With all the talk nowadays about diversity this and multiculturalism that, people usually forget that such buzz words are old hat in Fountain Valley. The city is currently experiencing a Turkish restaurant boom, features some of the county’s few Armenian eateries, hosts a chunk of Little Saigon, and has more than a few good Latino restaurants. Ease with ethnic groups is in the city’s DNA: Fountain Valley was essentially founded by Japanese farmers, whose sons became World War II heroes (Kazuo Masuda), the first Japanese-American mayor of a mainland American city (James Kanno), and the first Japanese-American California Supreme Court justice (the Honorable Stephen Tamura). And it’s that legacy that has always made the city the capital of Japanese eating in OC.
Sorry, Costa Mesa: From ramen shops to izakayas to Japanese-American sushi bars to fusion places such as Samurai Burrito, teriyaki shops and more, Fountain Valley brings it. For the past couple of years, one of the more favored places has been O Udon. Its kitchen staff hand-make the Second City of Japanese noodles and prepare them at least 14 ways, all offered hot or cold, all delicious. Plum udon is the simplest yet also one of the best: tart and sharp and sinus-clearing when hot, refreshing when cold. Oroshi features grated Japanese radish and a bunch of other veggies, all prepared like a bento box. Get shrimp tempura udon hot, and the crispy skin melts into the broth, adding another layer of umami. Order the mac and cheese cold, and you have a far better meeting of Italy and Japan than the original Iron Chef could’ve ever hoped for.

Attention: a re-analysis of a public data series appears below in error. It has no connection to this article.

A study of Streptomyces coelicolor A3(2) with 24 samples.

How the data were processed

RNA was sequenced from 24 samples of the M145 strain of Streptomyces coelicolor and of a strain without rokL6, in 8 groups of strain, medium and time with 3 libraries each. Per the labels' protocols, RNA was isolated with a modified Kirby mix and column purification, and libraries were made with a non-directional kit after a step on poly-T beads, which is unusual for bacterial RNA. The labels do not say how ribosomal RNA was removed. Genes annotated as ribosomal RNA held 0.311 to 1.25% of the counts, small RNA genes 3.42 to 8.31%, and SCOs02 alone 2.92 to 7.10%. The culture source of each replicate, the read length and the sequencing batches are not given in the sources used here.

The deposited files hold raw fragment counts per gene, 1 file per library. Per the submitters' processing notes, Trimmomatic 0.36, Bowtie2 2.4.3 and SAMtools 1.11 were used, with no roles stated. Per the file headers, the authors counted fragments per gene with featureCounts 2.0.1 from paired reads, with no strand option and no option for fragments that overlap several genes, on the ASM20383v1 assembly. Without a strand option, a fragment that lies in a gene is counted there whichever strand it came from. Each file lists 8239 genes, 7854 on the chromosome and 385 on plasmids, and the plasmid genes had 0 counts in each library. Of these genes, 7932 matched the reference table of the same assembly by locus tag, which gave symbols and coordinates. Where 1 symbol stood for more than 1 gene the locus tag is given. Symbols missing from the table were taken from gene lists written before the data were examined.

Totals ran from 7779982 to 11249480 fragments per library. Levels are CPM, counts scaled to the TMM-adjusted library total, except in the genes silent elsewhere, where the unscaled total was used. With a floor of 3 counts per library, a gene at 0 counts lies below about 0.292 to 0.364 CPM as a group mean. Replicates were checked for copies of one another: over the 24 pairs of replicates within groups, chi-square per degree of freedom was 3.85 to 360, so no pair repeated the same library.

What’s best about O Udon, though, is that it’s always debuting new menus and specials, just for the hell of it. They now have an onigiri list, the rice cakes all delicately wrapped in seaweed yet bulky enough to smash a peanut. The takoyaki resembles a living diaroma with its pulsing bonito flakes yet tastes all-American with the copious amount of teriyaki sauce and mayonnaise. And dessert should always be the pudding (playfully spelled “Puring” on the paper on the wall that advertises it). Go quick: Only 20 purings and a set amount of udon are made per day.
O Udon, 17870 Newhope St., Fountain Valley, (714) 427-0482.